The collision of two worlds

December 5, 1997

It has been stormy and has gone on for centuries. Huw Richards charts the relationship between government and the universities.

EVER since universities were first set up they have had to fight to maintain their independence.

Thirteenth century: Oxford and Cambridge develop as self-governing guilds of masters of arts. This structure, similar to other medieval guilds, gives rise to the position whereby the MAs of each university - the Regent House in Cambridge, Congregation in Oxford - are in law the governing bodies.

They rapidly develop the defensive skill of playing church and crown off against each other, appealing to each for protection from the other.

Fifteenth century: Foundation of Scottish universities by papal bull - St Andrew's 1413, Glasgow 1451, Aberdeen 1494.

Sixteenth century: Cambridge and Oxford incorporated in 1571 by Act of Parliament, but retain self-governing guild structure.

1583: Edinburgh founded by Royal Charter.

Seventeenth century: King James II demands return of Oxford and Cambridge's charters in 1687. They refuse and James is deposed in 1688.

Nineteenth century: University College, London, in 1826, and King's College, in 1829, founded as shareholder companies, receive charter as University of London 1863.

1895: foundation of London School of Economics; becomes a limited company in 1901.

Twentieth century: foundation of University Grants Committee as a Treasury committee in 1919. Initial annual budget of Pounds 1 million. Its role was defined as: "To enquire into the financial needs of university education in the United Kingdom and to advise the government as to the application of any grants that may be made by Parliament to meet them." But until the middle of the second world war, universities are, in the words of Ernest Simon (1946) "one of the few remaining examples of almost complete laissez-faire" with the UGC consisting "almost exclusively of retired university professors".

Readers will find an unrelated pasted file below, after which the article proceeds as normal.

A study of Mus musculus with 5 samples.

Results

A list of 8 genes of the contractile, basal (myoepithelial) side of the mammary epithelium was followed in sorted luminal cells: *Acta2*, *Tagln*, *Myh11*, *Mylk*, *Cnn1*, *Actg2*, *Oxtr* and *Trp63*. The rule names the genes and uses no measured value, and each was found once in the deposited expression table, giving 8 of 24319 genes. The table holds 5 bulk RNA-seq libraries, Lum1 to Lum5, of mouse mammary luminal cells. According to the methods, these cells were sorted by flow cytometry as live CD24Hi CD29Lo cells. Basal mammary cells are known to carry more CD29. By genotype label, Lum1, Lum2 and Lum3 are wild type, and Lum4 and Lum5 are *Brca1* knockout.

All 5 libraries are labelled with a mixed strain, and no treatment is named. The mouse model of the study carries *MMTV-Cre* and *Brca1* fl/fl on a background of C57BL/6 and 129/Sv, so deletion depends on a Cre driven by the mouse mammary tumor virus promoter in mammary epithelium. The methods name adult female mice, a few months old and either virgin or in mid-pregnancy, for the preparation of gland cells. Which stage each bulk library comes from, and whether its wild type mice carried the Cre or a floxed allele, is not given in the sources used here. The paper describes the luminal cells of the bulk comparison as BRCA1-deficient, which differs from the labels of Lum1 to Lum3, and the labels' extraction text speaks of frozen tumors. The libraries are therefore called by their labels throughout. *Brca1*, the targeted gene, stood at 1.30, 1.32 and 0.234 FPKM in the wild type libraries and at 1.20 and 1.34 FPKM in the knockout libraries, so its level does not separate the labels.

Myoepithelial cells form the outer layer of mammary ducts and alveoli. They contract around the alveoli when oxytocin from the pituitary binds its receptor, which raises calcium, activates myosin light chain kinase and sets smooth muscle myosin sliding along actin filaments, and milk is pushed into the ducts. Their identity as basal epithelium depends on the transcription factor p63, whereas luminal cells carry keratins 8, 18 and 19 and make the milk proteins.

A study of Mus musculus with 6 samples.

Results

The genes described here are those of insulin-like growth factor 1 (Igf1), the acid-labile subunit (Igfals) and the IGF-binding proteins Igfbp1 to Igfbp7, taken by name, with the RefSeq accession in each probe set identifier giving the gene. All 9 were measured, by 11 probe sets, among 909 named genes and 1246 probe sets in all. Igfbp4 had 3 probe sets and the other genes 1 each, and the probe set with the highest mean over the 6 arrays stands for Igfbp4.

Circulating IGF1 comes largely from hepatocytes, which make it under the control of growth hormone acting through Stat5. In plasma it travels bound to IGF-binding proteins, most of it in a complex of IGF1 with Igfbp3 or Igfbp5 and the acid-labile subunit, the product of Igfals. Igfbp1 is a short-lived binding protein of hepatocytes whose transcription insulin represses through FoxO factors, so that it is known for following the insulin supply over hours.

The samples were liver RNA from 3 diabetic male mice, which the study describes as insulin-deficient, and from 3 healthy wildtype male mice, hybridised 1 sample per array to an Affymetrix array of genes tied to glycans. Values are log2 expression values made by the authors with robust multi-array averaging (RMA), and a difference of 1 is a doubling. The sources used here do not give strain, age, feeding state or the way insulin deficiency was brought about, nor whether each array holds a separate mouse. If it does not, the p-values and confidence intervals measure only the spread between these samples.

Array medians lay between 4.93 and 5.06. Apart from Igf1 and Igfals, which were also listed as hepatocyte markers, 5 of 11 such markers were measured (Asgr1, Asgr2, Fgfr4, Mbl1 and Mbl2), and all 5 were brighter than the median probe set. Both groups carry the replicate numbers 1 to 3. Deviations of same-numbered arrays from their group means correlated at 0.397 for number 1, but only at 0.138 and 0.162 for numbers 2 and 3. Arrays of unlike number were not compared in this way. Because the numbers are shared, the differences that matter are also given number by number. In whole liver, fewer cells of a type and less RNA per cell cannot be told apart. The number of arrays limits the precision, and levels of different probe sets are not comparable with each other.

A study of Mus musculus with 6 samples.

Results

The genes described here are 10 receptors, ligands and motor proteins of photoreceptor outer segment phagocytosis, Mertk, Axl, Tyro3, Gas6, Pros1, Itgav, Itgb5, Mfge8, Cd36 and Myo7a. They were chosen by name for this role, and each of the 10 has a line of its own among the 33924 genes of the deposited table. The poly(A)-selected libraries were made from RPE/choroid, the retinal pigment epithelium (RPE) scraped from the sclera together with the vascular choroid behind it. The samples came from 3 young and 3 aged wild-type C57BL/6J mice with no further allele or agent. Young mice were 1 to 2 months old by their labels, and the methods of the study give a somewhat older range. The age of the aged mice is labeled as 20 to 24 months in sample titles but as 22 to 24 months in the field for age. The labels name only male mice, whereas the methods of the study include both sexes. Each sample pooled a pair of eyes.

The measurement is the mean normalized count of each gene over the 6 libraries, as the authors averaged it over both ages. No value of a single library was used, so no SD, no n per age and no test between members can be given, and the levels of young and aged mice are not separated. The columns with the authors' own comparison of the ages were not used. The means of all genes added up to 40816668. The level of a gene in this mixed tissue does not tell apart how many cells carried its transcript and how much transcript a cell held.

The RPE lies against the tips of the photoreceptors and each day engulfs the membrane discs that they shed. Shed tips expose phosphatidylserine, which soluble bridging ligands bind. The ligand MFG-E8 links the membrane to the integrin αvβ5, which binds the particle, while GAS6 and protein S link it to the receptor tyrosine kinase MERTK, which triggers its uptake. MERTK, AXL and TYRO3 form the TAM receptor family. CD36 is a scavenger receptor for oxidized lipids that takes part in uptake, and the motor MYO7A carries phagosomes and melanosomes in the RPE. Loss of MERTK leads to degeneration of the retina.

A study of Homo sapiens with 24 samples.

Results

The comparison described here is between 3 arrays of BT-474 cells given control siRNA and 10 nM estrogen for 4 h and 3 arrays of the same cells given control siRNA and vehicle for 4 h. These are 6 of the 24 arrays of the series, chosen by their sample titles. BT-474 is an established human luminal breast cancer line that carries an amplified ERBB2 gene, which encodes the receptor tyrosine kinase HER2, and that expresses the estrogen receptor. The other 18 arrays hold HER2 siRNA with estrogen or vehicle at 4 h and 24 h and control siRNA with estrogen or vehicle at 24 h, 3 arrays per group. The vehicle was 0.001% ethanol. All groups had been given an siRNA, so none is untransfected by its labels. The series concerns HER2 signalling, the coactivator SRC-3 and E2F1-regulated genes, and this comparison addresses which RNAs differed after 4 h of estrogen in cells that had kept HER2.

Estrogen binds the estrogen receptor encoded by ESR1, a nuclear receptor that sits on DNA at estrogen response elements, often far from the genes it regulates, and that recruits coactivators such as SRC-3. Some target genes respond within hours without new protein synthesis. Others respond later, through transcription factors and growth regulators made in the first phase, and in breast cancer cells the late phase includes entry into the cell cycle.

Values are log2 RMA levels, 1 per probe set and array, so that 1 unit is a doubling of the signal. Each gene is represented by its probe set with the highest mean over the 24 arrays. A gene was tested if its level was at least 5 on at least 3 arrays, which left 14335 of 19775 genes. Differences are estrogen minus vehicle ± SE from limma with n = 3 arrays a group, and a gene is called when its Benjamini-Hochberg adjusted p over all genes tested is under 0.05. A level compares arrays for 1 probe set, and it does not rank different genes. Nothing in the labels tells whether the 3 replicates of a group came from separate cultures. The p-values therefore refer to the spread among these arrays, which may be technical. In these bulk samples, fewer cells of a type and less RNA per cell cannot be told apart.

1943: UGC duties extended "to collect, examine and make available information relating to university education throughout the UK".

1945: UGC issues first earmarked funding - for medicine following the recommendations of the Goodenough Committee.

1946: further UGC duty "to assist, in consultation with the universities and other bodies concerned, in the preparation and execution of such plans for the development of the universities as may from time to time be required in order to ensure that they are fully adequate to national needs".

1964: UGC transferred from Treasury to new Department for Education and Science.

1972-77: last period during which university funding is issued on a quinquennium (five-year) basis.

1981: UGC forced by government to administer cuts of 17 per cent over following three years.

1982: creation of National Advisory Body as planning body for polytechnics (abolished 1989).

1984: legislation on free speech on university campuses outlaws National Union of Students "No platform for Fascists" policy.

1988: Education Reform Act, creates universities and polytechnics and colleges funding councils. Secretary of state for education given power to direct funding councils. Opposition in both Houses of Parliament ensured he would have to take such directions to Parliament, gave the UFC the right to advise him and debarred the UFC from discouraging universities from raising outside funds. The Jenkins amendment in the House of Lords protected academics' right to question and test received wisdom.

1992: Further and Higher Education Act. Abolished binary line, created national unitary funding councils, removed colleges of further education from local government control, created quality assessment arrangements. The act created 35 new universities. Former Inner London Education Authority polytechnics continue as limited companies. Others became higher education corporations, but unlike pre-1992 universities, the body incorporated is the governing body rather than the university itself.

Government attempts to give secretary of state power to prohibit institutions offering specific courses or intervene in teaching and assessment of particular subjects abandoned following resistance by peers from all parties in House of Lords.

1994: Education Act 1994. Created Teacher Training Agency and limited activities of student unions. Attempt to extend powers of secretary of state dropped after opposition in House of Lords.